S.O. Book News


This is the thirteenth installment in a series of twenty posts announcing — in no particular order — which 100 stories will be collected in the Significant Objects book (forthcoming in 2011 from Fantagraphics).


61. Matt Klam’s DUCK VASE story. Excerpt:

Chucky said to me, “HELLO MY LITTLE FRIEND. I am your GOD. Shift administrative tasks to your REPRESENTATIVE IMMEDIATELY. Prepare for LOVE SYMBOL.

Ha ha. And well we know what that love SYMBOL is now, DO WE NOT?

Certainly this object may have other uses. Keep it as an antique vase or planter, or with slight modification use as liquor locker, gun cabinet, bomb safe, champagne cooler, cocktail pitcher, etcetera. Dental detail alone is worth the price. Cannot verify that all parts are included. Cast iron is in excellent condition, however: do not microwave!!


62. Benjamin Percy’s RUBBER BAND GUN story. Excerpt:

I brought to school a rubber-band gun I bought at the mall. I bought it at that store with the tarot cards and the stink bombs and the beer T-shirts and the posters of women in thongs bending over on beaches with sand stuck to them in all the right places. So I brought to school the gun and showed it off to Stacey Swanson. I was a little in love with her. By that I mean I regularly jerked off into an athletic sock when thinking about her naked.

Normally she would not talk to me except to say, “Don’t even talk to me — you haven’t even gone through puberty yet.” But this time, when I held out the rubber-band gun, she said, “Let me see that.” She grabbed the gun and weighed it in her hand a moment before lifting her arm and staring down the line of it and shooting me directly in the eyeball.


63. Kathryn Kuitenbrouwer’s GREEK ASHTRAY-PLATE story. Excerpt:

“I don’t know why you tolerate them,” I said. We were in the sofa, by then, the Greek ashtray nestled into the concave of my belly. “If they turn on you, then what?” Hilary had scars where she’d been bitten and an oozing wound that she wouldn’t let me tend.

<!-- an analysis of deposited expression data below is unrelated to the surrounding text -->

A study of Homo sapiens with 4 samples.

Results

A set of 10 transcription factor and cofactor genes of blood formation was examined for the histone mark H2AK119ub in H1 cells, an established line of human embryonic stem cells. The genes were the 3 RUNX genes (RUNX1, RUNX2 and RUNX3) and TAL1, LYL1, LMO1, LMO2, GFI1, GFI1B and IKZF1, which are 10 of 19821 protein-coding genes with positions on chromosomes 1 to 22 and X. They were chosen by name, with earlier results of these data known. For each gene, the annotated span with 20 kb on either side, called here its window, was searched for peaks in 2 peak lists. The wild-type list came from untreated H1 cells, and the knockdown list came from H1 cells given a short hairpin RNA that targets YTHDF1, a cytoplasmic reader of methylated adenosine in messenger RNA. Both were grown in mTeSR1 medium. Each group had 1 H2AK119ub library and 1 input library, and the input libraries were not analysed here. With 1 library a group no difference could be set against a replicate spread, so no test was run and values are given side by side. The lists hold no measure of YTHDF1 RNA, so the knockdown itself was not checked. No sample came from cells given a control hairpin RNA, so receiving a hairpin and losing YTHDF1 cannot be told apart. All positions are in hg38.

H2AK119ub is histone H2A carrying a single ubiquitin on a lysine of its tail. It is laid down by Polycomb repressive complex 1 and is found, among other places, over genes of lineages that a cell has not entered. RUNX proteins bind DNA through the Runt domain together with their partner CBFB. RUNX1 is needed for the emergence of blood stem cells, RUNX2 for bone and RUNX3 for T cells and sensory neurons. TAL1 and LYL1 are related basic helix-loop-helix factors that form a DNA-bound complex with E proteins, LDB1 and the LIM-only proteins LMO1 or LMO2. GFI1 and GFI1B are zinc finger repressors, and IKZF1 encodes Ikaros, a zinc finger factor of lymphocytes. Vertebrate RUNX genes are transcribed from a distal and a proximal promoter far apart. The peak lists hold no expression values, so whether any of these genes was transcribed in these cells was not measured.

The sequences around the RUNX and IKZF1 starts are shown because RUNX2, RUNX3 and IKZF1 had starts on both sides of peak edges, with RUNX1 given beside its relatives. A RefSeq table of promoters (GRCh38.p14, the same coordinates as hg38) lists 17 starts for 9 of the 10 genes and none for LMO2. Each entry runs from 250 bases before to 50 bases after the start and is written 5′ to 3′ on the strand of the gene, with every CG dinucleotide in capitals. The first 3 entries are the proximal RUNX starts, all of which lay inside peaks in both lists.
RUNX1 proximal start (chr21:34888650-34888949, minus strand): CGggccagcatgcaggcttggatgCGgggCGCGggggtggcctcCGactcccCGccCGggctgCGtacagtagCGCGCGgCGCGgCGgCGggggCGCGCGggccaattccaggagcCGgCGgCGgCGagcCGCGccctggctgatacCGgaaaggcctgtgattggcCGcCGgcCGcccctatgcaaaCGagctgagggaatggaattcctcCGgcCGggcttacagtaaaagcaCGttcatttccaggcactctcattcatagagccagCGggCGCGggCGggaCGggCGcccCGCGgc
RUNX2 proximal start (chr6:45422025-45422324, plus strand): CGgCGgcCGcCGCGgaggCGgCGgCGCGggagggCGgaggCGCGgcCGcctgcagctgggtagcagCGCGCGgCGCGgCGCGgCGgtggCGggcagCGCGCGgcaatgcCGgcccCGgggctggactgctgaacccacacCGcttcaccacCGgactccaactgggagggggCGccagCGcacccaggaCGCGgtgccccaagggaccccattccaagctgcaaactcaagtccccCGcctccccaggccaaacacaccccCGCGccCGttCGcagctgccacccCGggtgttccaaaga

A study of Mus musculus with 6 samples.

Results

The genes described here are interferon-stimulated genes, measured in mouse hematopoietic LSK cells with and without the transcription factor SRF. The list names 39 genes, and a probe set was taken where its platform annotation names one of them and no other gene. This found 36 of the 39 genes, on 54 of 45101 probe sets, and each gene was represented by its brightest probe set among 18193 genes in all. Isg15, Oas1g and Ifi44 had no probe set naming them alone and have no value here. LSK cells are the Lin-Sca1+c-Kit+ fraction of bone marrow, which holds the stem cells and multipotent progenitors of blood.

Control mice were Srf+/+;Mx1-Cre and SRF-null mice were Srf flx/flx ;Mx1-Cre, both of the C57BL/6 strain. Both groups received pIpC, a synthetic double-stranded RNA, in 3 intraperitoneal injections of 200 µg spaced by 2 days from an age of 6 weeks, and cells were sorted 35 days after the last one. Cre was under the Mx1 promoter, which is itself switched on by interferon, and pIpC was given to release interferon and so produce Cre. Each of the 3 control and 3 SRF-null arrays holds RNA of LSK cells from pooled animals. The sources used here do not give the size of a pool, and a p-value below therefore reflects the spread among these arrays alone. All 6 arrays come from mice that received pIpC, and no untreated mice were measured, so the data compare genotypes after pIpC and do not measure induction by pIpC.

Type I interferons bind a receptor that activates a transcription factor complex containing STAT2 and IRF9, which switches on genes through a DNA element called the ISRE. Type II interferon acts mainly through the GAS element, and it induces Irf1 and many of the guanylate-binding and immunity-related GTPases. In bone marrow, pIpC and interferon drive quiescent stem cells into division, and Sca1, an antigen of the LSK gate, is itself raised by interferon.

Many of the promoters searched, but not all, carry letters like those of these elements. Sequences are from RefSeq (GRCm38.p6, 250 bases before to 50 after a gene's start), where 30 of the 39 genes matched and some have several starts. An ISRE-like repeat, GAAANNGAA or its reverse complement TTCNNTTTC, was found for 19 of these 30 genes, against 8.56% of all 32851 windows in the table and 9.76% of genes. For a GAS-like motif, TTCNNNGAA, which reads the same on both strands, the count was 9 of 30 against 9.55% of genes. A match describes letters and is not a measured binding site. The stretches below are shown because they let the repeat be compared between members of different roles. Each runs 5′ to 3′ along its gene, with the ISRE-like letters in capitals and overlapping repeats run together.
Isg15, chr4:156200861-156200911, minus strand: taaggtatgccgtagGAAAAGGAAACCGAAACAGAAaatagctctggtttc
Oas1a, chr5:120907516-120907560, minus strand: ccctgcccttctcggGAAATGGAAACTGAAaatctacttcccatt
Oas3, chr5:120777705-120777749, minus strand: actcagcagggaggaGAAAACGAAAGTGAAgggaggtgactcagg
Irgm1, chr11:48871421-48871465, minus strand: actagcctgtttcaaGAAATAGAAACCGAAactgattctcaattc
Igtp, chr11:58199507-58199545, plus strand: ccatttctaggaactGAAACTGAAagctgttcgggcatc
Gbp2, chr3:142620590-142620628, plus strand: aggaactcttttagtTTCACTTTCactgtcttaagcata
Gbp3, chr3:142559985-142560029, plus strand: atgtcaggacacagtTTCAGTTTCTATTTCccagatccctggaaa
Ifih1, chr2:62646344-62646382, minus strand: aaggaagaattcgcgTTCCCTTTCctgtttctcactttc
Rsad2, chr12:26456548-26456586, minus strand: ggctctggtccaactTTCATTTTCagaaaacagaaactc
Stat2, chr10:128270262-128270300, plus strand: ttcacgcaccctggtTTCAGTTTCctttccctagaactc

The dogs were practically feral.

“I don’t tolerate them,” she said. She leaned over and twisted her cigarette softly on Orpheus’s leg, watched his skin peel off. “I have no idea about them, at all,” she said. “They like me. They lick and nip. It’s play that goes too far.”


64. Josh Kramer’s FAKE BANANA story. Excerpt:


65. Annie Nocenti’s JFK BUST story. Excerpt:

Let me see here… Salt Lick JFK. When I was thirty and Edith was eight, we’d go into the department store, and she’d rush up and down the aisles licking everything that took her fancy. She was a terrible embarrassment to me. I’d dig my fingernails into her until her arm glowed with a row of red crescent moons. But that little tumbleweed would twist out of my grip and be off licking a ceramic gnome or Easter egg or whatnot. I took her to the doctor and he said it was a “compulsion” she’d grow out of. She didn’t, but that’s another story.


MORE NEWS: For updates about the Significant Objects project and forthcoming collection, visit the archive and subscribe via RSS. For Author Updates, visit the archive and subscribe via RSS. Also: Check out the Significant Objects Bookstore!


"Significant Objects combines one of the oldest of all media — the near-improvised short story — with the reinvigorated writer-reader relationship afforded by Web 2.0." — The Independent's Couch Surfer. Follow us on Twitter; join us on Facebook.